Monday, September 30, 2013

■ NIGERIA: New law banning wet-leases for longer than 6 months comes into effect from October 1.

NCAAThe Nigerian Civil Aviation Authority's (NCAA) decree that no Nigerian carrier, whether scheduled or charter, will be able to wet-lease foreign aircraft for the purposes of commercial operations for periods longer than six months is set to come into effect from October 1.

BusinessNews Nigeria reports that the development is part of the Federal Government’s move to reform the aviation sector after it became alarmed at the number of foreign-registered aircraft being for wet-leased (i.e the contract involves the aircraft, complete crew, maintenance, and insurance) for commercial operations in the country. 
Pursuant to sections 30 (5) and 30 (7a) of the Civil Aviation Act, 2006, the Nigerian Civil Aviation Authority hereby makes the following order: 1. Wet-lease-in aircraft into Nigeria: No Air Operator Certificate holder shall wet-lease-in an aircraft into Nigeria for the purpose of commercial air transportation for a total period of more than six months. 2. Effective date: This order shall take effect from October 1, 2013 and all AOC holders shall comply there from.
Among the airlines affected that have made tentative moves to conform with the directive are Arik Air (W3) whose two A340-500s on lease from Hi-Fly Portugal, (MCN 910 | CS-TFW) & (MCN 912 | CS-TFX), are to be reregistered in Nigeria as 5N-JIB and 5N-JIA respectively.

Meanwhile, the General Manager for Chanchangi Airlines (5N), Mohammed Tukur, says Abuja's decision to levy a USD3'000 charge per flight on locally registered private jets and USD4'000 per flight for foreign-registered jets would be detrimental to the industry's development with some operators tempted to transfer their operations to Ghana.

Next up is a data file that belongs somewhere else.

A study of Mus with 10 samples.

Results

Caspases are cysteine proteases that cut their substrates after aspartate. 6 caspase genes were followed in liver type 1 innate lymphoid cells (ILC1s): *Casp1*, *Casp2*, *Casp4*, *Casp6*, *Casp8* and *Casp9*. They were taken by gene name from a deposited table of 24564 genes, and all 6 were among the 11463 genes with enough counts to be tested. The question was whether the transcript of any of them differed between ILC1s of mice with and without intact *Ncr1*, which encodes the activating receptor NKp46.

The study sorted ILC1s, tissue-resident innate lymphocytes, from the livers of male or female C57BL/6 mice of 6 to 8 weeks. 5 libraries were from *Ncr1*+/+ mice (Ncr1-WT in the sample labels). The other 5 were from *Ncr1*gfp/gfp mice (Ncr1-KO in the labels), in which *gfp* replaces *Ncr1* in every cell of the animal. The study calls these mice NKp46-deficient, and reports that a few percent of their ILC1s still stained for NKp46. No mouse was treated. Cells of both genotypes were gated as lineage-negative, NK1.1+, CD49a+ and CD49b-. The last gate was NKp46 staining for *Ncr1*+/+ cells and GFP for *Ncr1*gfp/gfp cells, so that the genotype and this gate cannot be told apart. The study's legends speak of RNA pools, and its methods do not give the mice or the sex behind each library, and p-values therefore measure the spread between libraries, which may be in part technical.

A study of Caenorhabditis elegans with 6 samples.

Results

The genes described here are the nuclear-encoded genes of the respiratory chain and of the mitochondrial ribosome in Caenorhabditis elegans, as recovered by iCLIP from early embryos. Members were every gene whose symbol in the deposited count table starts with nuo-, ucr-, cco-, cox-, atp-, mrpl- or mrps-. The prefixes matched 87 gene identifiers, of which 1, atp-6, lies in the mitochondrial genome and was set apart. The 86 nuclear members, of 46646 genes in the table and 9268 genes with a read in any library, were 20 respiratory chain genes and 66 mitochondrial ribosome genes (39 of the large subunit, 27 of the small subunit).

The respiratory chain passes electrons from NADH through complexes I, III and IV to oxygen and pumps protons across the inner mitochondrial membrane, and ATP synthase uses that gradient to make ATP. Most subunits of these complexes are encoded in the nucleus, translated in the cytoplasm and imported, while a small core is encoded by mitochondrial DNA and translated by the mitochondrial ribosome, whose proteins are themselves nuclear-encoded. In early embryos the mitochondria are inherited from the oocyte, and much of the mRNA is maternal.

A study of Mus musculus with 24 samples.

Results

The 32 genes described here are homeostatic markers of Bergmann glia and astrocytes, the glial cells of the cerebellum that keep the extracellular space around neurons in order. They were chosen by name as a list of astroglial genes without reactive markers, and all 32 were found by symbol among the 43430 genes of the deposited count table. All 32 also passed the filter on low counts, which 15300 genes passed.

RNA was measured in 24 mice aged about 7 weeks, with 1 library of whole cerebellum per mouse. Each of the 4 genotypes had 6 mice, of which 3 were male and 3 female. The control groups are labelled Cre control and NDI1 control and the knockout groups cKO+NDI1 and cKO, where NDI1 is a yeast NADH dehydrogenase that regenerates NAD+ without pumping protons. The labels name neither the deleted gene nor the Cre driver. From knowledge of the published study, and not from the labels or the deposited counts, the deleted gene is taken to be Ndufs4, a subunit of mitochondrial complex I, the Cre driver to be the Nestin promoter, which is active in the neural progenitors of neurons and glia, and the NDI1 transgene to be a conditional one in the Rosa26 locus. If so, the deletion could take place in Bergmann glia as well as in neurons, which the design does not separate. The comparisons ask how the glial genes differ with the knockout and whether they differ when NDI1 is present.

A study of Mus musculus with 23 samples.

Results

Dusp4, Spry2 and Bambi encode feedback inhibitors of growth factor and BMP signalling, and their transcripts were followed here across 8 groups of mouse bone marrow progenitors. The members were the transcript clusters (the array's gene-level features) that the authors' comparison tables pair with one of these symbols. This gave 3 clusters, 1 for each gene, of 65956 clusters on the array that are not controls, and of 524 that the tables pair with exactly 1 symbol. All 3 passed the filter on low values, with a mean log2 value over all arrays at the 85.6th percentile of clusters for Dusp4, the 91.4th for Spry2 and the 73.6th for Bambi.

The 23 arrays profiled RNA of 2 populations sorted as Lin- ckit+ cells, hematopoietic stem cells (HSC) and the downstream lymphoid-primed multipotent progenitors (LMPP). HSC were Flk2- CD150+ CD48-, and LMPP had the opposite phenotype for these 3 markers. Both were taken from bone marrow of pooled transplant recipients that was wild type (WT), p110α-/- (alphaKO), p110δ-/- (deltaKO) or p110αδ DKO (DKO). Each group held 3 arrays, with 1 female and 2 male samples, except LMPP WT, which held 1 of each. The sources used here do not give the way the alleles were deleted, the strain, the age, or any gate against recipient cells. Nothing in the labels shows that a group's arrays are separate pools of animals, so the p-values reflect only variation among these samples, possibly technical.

Some people think this industry must be destroyed at all cost and this will negatively affect job creation as these airlines may decide to close shop and move their operations to Ghana where the charges are not only moderate but reasonable.

When it comes to this, everybody is involved. Aero, Arik, Chanchangi, IRS, Dana are involved. You have to make aviation conducive so that there would be job creation. This is no longer the transformation that the industry yearns for, but one that could cripple the sector. I am sure the NCAA must have been forced to take this type of draconian retrogressive policy that takes us nowhere.
Earlier this year, the country introduced legislature in its National Civil Aviation Policy (NCAP) 2013 which  sanctioned jet owners permitting friends and business associates aboard their private aircraft.

With the largest biz-jet market in Africa valued at USD3.75billion, about 150 private jets currently operate in the country and are owned by Nigerians.